Late UMass prof’s $450K gift benefits libraries, Leverett

  • Amherst’s Jones Library. Courtesy photo/Wikimedia Commons

Staff Writer
Published: 7/10/2019 6:07:25 PM

LEVERETT — About 30 years after retiring as a history professor at the University of Massachusetts, and two years after his death, a longtime Leverett resident has left more than $450,000 to improve the libraries in Amherst and Leverett and to enhance the natural world in his hometown.

In Amherst, the $273,000 bequest from John van Steenberg is going toward the eventual renovation and expansion of the main branch building at 43 Amity St., based on a decision elected trustees recently made related to the unrestricted gift.

In Leverett, van Steenberg’s estate provided the town library with $91,124, along with an equal amount to the Conservation Commission that must be used “to preserve the natural beauty of the town.”

Lisa Werner, chairwoman of the Leverett library trustees, said the board is grateful for the gift and will have to make decisions on how the money is used.

“We are currently in the process of developing our next five-year plan for the library and the results of this process will help to inform how we will use this generous gift,” Werner said.

Already, the Leverett Conservation Commission has had brief discussions on using the money, possibly for constructing a habitat for barn swallows or a boardwalk for the Doolittle Brook beaver swamp or Leverett Pond, or using the gift as a match for purchasing conservation land.

Though van Steenberg lived in Leverett for 55 years until his death at 93 in 2017, and for more than 30 years taught modern European history at UMass, specializing in diplomatic history and Scandinavian history, there remains some mystery surrounding his gifts.

The university, in fact, has little information about his tenure, with the special collections and university archives not holding any of his papers. The only content of his held there is an early curriculum vitae from the late 1970s, which outlines some of his experience up until that time.

That resume shows that he began as an instructor at UMass in 1958 and became an assistant professor a year later. Before that, between 1947 and 1953, he worked for the U.S. government, mostly at the American embassy in Stockolm, Sweden.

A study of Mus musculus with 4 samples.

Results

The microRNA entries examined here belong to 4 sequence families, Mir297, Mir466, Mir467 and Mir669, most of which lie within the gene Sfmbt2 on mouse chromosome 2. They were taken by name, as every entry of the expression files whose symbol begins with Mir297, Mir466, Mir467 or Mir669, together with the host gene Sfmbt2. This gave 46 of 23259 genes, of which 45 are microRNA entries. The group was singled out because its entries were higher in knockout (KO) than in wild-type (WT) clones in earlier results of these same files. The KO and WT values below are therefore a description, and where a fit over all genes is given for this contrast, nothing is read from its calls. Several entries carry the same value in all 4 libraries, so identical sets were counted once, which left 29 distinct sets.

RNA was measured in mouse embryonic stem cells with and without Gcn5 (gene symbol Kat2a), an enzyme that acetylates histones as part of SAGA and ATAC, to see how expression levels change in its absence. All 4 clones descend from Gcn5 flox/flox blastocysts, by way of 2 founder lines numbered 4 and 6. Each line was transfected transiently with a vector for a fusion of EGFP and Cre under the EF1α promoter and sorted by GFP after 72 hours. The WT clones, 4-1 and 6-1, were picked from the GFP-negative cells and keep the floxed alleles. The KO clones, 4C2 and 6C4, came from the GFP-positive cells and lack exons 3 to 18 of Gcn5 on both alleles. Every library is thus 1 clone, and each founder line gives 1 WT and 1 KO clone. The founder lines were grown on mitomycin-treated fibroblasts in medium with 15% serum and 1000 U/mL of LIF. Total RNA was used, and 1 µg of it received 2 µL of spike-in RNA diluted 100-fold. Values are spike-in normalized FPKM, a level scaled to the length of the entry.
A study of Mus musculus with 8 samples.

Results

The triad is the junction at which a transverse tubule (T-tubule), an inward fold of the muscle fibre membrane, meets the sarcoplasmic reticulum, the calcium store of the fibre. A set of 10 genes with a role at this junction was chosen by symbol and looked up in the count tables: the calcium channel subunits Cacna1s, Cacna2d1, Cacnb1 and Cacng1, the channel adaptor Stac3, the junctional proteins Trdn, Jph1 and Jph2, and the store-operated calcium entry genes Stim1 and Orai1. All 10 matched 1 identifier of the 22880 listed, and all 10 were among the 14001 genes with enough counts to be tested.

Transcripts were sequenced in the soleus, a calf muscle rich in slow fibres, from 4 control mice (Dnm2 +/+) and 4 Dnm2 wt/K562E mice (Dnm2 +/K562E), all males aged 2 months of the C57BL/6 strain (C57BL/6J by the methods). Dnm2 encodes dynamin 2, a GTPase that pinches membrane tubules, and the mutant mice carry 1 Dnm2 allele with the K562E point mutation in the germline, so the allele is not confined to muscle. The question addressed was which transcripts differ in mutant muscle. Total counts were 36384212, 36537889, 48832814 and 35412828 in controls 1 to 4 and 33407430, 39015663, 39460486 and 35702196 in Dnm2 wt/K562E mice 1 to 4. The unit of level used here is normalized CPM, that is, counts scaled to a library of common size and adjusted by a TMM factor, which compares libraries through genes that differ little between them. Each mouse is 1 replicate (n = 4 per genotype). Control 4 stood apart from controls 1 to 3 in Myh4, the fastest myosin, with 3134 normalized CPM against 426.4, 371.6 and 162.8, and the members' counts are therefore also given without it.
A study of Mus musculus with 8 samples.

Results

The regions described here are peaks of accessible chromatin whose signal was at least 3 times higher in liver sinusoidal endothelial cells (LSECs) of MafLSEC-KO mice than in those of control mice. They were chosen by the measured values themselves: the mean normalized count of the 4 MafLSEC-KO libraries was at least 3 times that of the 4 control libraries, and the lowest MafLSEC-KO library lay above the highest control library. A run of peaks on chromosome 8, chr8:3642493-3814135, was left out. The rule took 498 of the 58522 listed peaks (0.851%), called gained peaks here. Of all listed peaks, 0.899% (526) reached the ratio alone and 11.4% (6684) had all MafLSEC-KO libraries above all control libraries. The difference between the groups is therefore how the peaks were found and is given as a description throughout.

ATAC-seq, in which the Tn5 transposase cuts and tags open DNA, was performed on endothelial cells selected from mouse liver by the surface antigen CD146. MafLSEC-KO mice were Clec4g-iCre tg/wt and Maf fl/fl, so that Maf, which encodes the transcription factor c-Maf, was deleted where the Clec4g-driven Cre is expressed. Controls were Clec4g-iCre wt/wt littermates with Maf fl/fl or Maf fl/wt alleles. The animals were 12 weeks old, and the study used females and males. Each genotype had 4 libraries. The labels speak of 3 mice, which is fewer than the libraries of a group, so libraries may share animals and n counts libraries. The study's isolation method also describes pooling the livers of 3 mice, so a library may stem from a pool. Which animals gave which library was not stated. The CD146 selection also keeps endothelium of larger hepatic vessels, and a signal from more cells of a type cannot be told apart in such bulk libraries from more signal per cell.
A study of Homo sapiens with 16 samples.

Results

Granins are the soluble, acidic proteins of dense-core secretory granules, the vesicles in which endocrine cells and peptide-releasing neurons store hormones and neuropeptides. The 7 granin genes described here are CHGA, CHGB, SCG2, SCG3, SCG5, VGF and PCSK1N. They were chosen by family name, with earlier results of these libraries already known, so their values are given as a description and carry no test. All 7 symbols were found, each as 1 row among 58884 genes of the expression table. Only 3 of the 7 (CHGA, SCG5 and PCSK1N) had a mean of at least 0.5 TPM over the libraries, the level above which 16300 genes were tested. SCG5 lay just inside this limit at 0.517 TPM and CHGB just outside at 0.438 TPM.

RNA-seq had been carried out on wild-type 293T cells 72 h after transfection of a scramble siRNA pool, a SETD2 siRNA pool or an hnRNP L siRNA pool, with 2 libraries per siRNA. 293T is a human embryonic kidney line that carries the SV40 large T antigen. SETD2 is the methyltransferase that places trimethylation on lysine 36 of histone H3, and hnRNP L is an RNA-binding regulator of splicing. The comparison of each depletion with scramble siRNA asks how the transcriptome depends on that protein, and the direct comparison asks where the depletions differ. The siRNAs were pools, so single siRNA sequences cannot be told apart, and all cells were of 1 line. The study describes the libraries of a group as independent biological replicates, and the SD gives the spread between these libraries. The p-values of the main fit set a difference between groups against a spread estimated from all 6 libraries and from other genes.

Still, there are colleagues and students who remember van Steenberg.

Joyce Berkman, a professor emerita, was among van Steenberg’s contemporaries. Berkman wrote in an email that the bequests to the libraries make sense to her because van Steenberg was so widely read.

“He was a thoroughgoing intellectual, who loved to read, think, talk,” Berkman said, adding that she recalls that one of her late neighbors enjoyed heading to van Steenberg’s home and would put up with his ornery ways because of his breadth of knowledge.

The only information Jones Library officials received about van Steenberg came from an obituary written for the 2018 Report from the Department of History at UMass by Roger Atwood, a 1984 graduate and now a Washington, D.C.-based writer. In that appreciation, Atwood remembers van Steenberg’s teaching style:

“John was popular among students for his lively lectures, eclectic reading assignments, and interesting classroom props. Outside the university’s halls, he was a warm, funny, cultured man who wore his erudition lightly yet always impressed people with his vast learning and salty sense of humor.”

Van Steenberg made his home on Shutesbury Road in Leverett from 1962 until the 2017 heart attack that claimed his life. He left no immediate relatives, though he had a longtime companion and caretaker, Eric Masters, who received a portion of the estate. In addition to the Amherst and Leverett libraries, the library in Oneonta, N.Y., where he attended high school, received a bequest.

Atwood wrote that he penned letters to his former professor over the years and even visited on occasion.

“He would tell me about life in the town of Leverett, which he loved dearly, and his many friendships and trips to cultural venues all over New England,” he wrote. Atwood described the van Steenberg residence as a “rambling colonial house … with its creaking floorboards and chiming clocks, every room filled with paintings, posters and artifacts gathered over a lifetime of world travel.”

According to Atwood, van Steenberg’s academic career may never have begun if he hadn’t been forced out of his work at the embassy, where he was an employee of the CIA for a time.

“In 1953, John was one of several thousand federal employees interrogated about their sexuality in the McCarthyite purge of homosexuals prompted by the so-called ‘lavender scare,’” Atwood wrote. “Hooked up to a polygraph but determined to keep his job, John denied that he was a homosexual. He flunked the test and was fired.”

But though van Steenberg spoke to Atwood about this, he never wrote about his experience.